Your leaking thatched hut during the restoration of a pre-Enlightenment state.


Hello, my name is Judas Gutenberg and this is my blaag (pronounced as you would the vomit noise "hyroop-bleuach").


decay & ruin
Biosphere II
dead malls
Irving housing

got that wrong

appropriate tech
Arduino μcontrollers
Backwoods Home
Fractal antenna

fun social media stuff

(nobody does!)

Like my brownhouse:
   attempting Celexa
Tuesday, March 9 2010
Because of the peculiarities of her neurochemistry, Gretchen takes the antidepressant Celexa, and this has allowed her to be a functioning member of society for the time we've been together. It's not a perfect solution, but few fixes are, particularly for problems as complicated as those associated with mood. This whole time I've been curious what Celexa actually does to a person, and a recent article in the New Yorker made me even more curious. One of the theses advanced by the article was that antidepressants work mostly via the placebo effect, though not the purely-psychological kind tested for with sugar pills. Because antidepressants have real (and often profoundly mental) side effects, people know the difference between being on them and being on sugar pills. And so the healing they then experience has a potential to be mostly psychological. While people with existential depression problems (such as Gretchen) will beg to differ, I could imagine this being the case for large swaths of people being treated with antidepressants.
Though I've never been diagnosed as depressed and do not feel that my mood swings are especially wide, I've been wanting to try Gretchen's Celexa for years. The problem is that I never remember to actually pop one of her pills. That's how it is with pills for me; I have to consciously work to keep them in mind as an option. But I've been thinking more about pills lately just from watching Intervention so much (where a good ten percent of the addicts have a problem with pills). So today I put aside a small number of Gretchen's Celexas near my computer and immediately swallowed a 20 mg pill (she'll probably read this and yell at me for not asking her, but not asking was part of the experiment). Though Celexa is supposed to take days or even weeks to alter a personality, I felt the effects from that pill within an hour. It manifested as a speediness, and I found myself clenching my jaw.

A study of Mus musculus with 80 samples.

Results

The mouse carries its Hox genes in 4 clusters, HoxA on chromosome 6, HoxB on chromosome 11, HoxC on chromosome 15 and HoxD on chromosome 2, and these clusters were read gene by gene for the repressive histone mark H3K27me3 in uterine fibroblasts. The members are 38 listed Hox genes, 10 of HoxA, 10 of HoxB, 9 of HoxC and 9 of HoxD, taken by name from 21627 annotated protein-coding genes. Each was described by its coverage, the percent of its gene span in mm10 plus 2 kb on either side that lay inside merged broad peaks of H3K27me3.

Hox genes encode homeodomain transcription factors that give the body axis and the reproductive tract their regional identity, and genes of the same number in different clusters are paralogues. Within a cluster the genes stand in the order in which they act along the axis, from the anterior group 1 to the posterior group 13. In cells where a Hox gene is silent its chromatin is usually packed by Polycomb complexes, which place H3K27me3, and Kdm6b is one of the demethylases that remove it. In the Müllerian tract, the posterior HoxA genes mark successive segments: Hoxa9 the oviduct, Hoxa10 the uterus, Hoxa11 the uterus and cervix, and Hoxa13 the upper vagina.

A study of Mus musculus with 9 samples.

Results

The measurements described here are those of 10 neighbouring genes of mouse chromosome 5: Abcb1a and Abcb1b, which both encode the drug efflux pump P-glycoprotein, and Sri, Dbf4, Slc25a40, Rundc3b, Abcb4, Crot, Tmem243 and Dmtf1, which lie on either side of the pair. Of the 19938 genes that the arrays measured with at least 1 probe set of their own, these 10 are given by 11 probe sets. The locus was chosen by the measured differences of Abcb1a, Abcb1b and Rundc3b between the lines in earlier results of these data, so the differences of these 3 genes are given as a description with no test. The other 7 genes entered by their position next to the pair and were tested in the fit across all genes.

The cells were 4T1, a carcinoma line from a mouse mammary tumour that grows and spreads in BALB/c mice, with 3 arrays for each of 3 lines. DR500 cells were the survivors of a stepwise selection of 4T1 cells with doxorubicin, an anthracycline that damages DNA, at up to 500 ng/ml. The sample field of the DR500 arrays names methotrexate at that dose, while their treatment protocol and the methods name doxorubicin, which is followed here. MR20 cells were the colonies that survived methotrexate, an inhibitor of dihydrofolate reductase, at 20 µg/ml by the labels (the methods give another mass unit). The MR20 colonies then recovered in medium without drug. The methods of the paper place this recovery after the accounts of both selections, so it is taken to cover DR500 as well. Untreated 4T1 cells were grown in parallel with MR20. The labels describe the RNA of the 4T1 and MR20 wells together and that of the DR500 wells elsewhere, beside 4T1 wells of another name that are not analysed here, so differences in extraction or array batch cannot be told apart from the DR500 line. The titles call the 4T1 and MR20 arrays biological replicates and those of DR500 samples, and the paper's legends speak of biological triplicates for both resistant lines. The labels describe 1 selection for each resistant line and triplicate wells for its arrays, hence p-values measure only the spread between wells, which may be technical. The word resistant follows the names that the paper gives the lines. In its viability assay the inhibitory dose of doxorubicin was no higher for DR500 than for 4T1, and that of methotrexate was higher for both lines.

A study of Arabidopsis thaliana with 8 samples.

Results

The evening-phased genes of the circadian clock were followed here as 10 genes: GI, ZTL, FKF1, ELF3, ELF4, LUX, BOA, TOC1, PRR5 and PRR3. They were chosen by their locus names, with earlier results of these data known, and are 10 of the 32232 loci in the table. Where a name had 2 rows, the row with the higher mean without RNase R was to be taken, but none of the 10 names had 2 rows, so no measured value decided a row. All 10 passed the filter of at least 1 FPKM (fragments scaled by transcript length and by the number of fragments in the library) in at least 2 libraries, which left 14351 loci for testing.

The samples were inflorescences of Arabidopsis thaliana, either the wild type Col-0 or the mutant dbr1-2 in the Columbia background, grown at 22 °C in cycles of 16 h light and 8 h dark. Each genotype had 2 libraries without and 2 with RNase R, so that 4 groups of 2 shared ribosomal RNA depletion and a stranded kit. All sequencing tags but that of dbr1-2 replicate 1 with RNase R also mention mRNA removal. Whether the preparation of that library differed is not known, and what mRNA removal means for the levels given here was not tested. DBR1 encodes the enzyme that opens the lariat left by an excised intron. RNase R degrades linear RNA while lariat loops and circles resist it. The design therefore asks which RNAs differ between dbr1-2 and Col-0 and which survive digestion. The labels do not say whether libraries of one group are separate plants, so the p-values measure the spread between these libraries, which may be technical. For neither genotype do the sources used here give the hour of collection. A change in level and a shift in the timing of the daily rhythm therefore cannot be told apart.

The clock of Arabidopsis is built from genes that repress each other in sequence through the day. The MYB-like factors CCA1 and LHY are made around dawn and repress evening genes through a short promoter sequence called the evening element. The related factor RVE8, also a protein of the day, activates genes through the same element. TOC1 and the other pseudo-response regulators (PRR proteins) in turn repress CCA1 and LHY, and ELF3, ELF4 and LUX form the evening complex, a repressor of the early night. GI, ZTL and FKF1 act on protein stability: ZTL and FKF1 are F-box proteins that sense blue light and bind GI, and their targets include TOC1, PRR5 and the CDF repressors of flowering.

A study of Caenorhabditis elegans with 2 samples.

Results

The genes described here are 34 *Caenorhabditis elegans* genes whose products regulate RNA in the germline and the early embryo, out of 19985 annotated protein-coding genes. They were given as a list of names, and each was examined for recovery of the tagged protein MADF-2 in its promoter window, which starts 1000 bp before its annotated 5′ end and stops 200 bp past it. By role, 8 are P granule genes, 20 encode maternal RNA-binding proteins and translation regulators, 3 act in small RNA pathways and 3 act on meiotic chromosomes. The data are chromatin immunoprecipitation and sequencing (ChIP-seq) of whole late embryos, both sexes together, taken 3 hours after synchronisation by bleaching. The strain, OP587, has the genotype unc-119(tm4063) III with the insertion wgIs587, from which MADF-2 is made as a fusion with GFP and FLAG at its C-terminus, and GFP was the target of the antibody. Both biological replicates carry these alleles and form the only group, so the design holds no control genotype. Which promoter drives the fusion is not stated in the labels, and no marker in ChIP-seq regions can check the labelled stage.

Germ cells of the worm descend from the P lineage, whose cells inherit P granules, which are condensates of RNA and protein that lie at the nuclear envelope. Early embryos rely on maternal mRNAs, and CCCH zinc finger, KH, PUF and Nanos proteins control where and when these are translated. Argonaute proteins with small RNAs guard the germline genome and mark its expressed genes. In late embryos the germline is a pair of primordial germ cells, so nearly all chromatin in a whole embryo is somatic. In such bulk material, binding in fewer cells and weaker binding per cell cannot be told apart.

Later in the day I started feeling hungry in an unusual way. It felt like a cross between acid reflux and nausea, though somehow I knew I could cure it by eating. Ordinarily I would have satisfied this feeling by making myself a peanut butter sandwich, but I found myself craving something more complicated. So I ended up making a fairly elaborate vindaloo-style chickpea and mushroom curry. I was inspired by some Ethiopian injera Gretchen had brought out of the refrigerator (Indian curries work well with injera).
Meanwhile Gretchen and I had been tasked with the job of putting a couple of the neighbor's cats away in the afternoon (after they'd been let out by another set of neighbors tasked with the job of feeding them and letting them out). I went over to this neighbor's house to put away the cats, but only one of them (a black female) showed up, while the other, a mostly-white male, was still on the lam. I ended up going there three times, which really threw a monkeywrench into my afternoon. And after she came home, Gtechen went over there twice. We called the neighbors to ask if they'd seen the cat and wondered if we should call the cats' mom, whose only possible reaction would be to worry. But then on my last attempt I found the little fucker, looking like a moving clump of snow on a different neighbor's lawn. The job fell to me to call the various neighbors to tell them that the cat had been found. Normally cold-calling people like this would have been stressful for me, but evidently the Celexa had dissolved all such anxieties, and I had no problem making these calls.